Answers to 4 Common Water-Heater Questions
Your home’s water heater probably isn’t something that you think about — until it stops working. Don’t let an avoidable plumbing problem happen to you. Whether you’re a new homeowner, have recently installed a new appliance, or just want to know more about maintenance, take a look at these answers to common water heater questions.
What Type of Water Heater Is the Best Option?
The answer to this question depends on several factors. These include:
Preference. Some homeowners prefer the traditional tank type of heater, while others would rather install a tankless or solar model.
Budget. If you’re on a tight budget, you can still install a new water heater, but you may need to narrow down your choices based on type. Traditional tank model water heaters tend to cost less than tankless, or on-demand, models.
Overall cost. This factor differs from the initial purchase and installation budget. Tankless models are more efficient, costing less over time. If you want to save money long-term, this is the model for you.
Along with these factors, size and installation area also play roles in which type of heater you choose. If you’re not sure which model is right for you, your family, and your home’s needs, your plumber can help you to better understand the options and make the best choice.
What’s the Best Temperature Setting?
Even fans of hot showers have a limit. A setting that’s too high can scald, posing a serious safety risk — especially if you have children. According to the Burn Foundation, more than 500,000 scald burns happen each year across the nation. Children under age 5 and seniors over 65 are most at risk for these serious injuries.
In as little as 15 seconds, 133° water can cause third-degree burns. Water at 156° Fahrenheit can scald in one second. To reduce scald risks, set your water heater’s temperature to 120° Fahrenheit or less.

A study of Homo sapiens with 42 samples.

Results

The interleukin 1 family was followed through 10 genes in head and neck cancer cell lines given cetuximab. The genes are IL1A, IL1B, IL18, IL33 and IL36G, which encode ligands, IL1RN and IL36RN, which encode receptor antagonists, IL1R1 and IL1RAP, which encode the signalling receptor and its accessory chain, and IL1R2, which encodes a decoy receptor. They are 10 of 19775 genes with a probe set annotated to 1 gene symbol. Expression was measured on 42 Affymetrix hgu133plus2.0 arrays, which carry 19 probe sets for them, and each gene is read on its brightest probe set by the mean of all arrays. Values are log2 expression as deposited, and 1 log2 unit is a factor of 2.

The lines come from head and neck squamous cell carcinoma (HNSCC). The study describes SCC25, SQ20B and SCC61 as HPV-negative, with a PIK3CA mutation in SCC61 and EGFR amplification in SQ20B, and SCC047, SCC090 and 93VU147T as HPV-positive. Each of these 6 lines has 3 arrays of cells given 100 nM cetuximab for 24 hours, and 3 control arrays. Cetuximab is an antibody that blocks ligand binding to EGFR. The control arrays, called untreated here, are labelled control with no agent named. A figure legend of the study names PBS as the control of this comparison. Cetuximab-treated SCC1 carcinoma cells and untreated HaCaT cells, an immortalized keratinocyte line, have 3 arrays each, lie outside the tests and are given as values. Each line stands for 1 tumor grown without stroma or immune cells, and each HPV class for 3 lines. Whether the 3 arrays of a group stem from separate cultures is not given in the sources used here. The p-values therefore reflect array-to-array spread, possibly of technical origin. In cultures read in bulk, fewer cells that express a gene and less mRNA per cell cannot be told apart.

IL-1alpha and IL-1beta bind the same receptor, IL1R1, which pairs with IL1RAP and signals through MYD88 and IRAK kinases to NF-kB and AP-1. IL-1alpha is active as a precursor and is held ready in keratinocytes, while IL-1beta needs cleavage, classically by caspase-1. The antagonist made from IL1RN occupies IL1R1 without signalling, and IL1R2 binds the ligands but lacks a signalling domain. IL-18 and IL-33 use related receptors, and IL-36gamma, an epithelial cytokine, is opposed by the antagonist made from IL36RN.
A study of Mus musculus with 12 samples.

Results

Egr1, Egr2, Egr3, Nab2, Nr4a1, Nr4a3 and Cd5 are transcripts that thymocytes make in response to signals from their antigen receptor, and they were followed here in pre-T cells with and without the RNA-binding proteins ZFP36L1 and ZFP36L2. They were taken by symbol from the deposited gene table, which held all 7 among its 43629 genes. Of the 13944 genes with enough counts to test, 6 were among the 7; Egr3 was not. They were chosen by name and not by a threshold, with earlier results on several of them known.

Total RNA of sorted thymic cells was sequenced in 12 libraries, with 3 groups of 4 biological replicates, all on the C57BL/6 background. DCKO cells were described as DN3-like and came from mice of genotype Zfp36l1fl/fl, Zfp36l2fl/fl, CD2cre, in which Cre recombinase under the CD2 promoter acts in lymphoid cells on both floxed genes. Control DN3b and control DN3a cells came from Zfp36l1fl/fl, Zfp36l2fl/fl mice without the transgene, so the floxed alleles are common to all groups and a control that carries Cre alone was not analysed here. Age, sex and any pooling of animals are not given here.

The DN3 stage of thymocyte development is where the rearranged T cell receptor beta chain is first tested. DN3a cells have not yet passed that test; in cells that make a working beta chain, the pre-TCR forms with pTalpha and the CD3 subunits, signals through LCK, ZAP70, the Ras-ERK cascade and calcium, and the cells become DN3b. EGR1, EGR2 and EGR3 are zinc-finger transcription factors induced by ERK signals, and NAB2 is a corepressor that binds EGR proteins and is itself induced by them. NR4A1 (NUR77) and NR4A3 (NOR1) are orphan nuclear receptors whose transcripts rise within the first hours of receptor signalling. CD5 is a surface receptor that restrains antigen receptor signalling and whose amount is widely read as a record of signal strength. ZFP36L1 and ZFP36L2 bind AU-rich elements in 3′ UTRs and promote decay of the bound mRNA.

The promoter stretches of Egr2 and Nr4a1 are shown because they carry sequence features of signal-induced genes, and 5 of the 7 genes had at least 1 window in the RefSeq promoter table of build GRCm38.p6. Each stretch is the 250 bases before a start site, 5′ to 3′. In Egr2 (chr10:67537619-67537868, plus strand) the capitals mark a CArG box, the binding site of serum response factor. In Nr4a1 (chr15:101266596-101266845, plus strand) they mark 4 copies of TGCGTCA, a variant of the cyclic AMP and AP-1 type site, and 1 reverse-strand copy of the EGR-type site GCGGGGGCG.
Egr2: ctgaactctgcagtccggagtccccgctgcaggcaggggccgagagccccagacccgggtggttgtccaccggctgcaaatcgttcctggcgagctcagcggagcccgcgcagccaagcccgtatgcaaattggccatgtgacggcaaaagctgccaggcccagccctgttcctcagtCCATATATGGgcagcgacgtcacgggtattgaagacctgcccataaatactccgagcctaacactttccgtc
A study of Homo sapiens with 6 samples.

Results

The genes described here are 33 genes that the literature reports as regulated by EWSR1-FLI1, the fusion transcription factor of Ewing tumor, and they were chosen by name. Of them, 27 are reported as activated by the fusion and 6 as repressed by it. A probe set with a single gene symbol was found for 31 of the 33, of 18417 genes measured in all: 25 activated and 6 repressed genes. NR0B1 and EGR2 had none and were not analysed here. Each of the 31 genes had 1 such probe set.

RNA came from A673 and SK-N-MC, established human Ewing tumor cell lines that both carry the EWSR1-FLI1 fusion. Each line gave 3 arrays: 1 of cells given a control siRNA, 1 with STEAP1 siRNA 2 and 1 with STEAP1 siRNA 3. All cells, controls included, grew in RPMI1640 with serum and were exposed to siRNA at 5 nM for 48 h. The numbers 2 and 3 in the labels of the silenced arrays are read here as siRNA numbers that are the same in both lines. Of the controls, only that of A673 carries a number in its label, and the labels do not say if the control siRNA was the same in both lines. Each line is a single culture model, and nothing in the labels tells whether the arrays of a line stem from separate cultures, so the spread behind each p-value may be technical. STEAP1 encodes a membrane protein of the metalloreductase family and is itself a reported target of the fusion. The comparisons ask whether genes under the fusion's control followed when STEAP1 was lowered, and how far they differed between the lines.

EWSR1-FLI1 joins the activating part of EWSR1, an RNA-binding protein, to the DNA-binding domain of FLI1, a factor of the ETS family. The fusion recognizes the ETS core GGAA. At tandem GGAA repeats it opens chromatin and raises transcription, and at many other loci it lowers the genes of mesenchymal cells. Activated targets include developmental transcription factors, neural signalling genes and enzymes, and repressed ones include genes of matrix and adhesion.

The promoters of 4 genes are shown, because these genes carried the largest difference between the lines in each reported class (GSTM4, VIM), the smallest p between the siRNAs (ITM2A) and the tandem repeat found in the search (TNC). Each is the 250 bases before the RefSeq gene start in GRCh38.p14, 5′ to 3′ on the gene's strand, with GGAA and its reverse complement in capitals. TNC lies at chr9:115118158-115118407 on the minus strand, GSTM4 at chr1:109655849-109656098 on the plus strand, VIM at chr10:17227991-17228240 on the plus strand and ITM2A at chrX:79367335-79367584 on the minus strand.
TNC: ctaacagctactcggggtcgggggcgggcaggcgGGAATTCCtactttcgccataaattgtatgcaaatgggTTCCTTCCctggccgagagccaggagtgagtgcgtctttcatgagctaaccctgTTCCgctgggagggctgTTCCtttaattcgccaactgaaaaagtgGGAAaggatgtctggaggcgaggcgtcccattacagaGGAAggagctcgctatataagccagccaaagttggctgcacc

What Does Water Heater Maintenance Involve?
The answer to this question depends on what type of appliance you have. If you have a traditional tank model, regular care should include:
Drain the tank. Draining the water heater’s tank removes sediment. Attach a hose to the tank’s drain valve. Drain at least one-quarter of the water in the tank (drain the tank until the water runs clear). Repeat this care routine a few times per year.
Test the temperature relief valve. Discharge the valve a few times at least once a year, looking for leaks. If you’re not sure how to do this, consult a professional plumber first.
Call a plumber. Routine maintenance from a professional can extend the life of your appliance and allow you to spot problems before they grow from minor issues to major headaches.
Tankless models are often more challenging to maintain without professional help. Instead of trying to figure out the complexities of your on-demand system, contact a plumber for help with routine care.
How Often Should Homeowners Replace the Water Heater?
Again, the answer to this question depends on several different factors. There’s no standard age for replacement of either tank or tankless models. In general, consider replacing the water heater when:
There’s no hot water. Cold water, when you turn on the hot handle, is a sign that something is wrong. If this is a progressive problem, if the unit is old, or if the repair price is more than the appliance is worth, it’s time to replace.
There’s a leak. A major leak in a tank heater may indicate corrosion inside. Trying to repair a crack or break in the tank isn’t a long-term fix. Instead, this type of problem typically requires replacement.
The appliance is inefficient. An inefficient water heater will cost you over time. An older model paired with rising utility bills usually means it’s time for a new heater.
If it is time for a replacement, you have plenty of options—at many price-points. A plumber can provide you with options, help you to size the new heater to meet your home’s needs, and install the product correctly.
Do you need a new water heater? Contact Quality Plumbing for more information.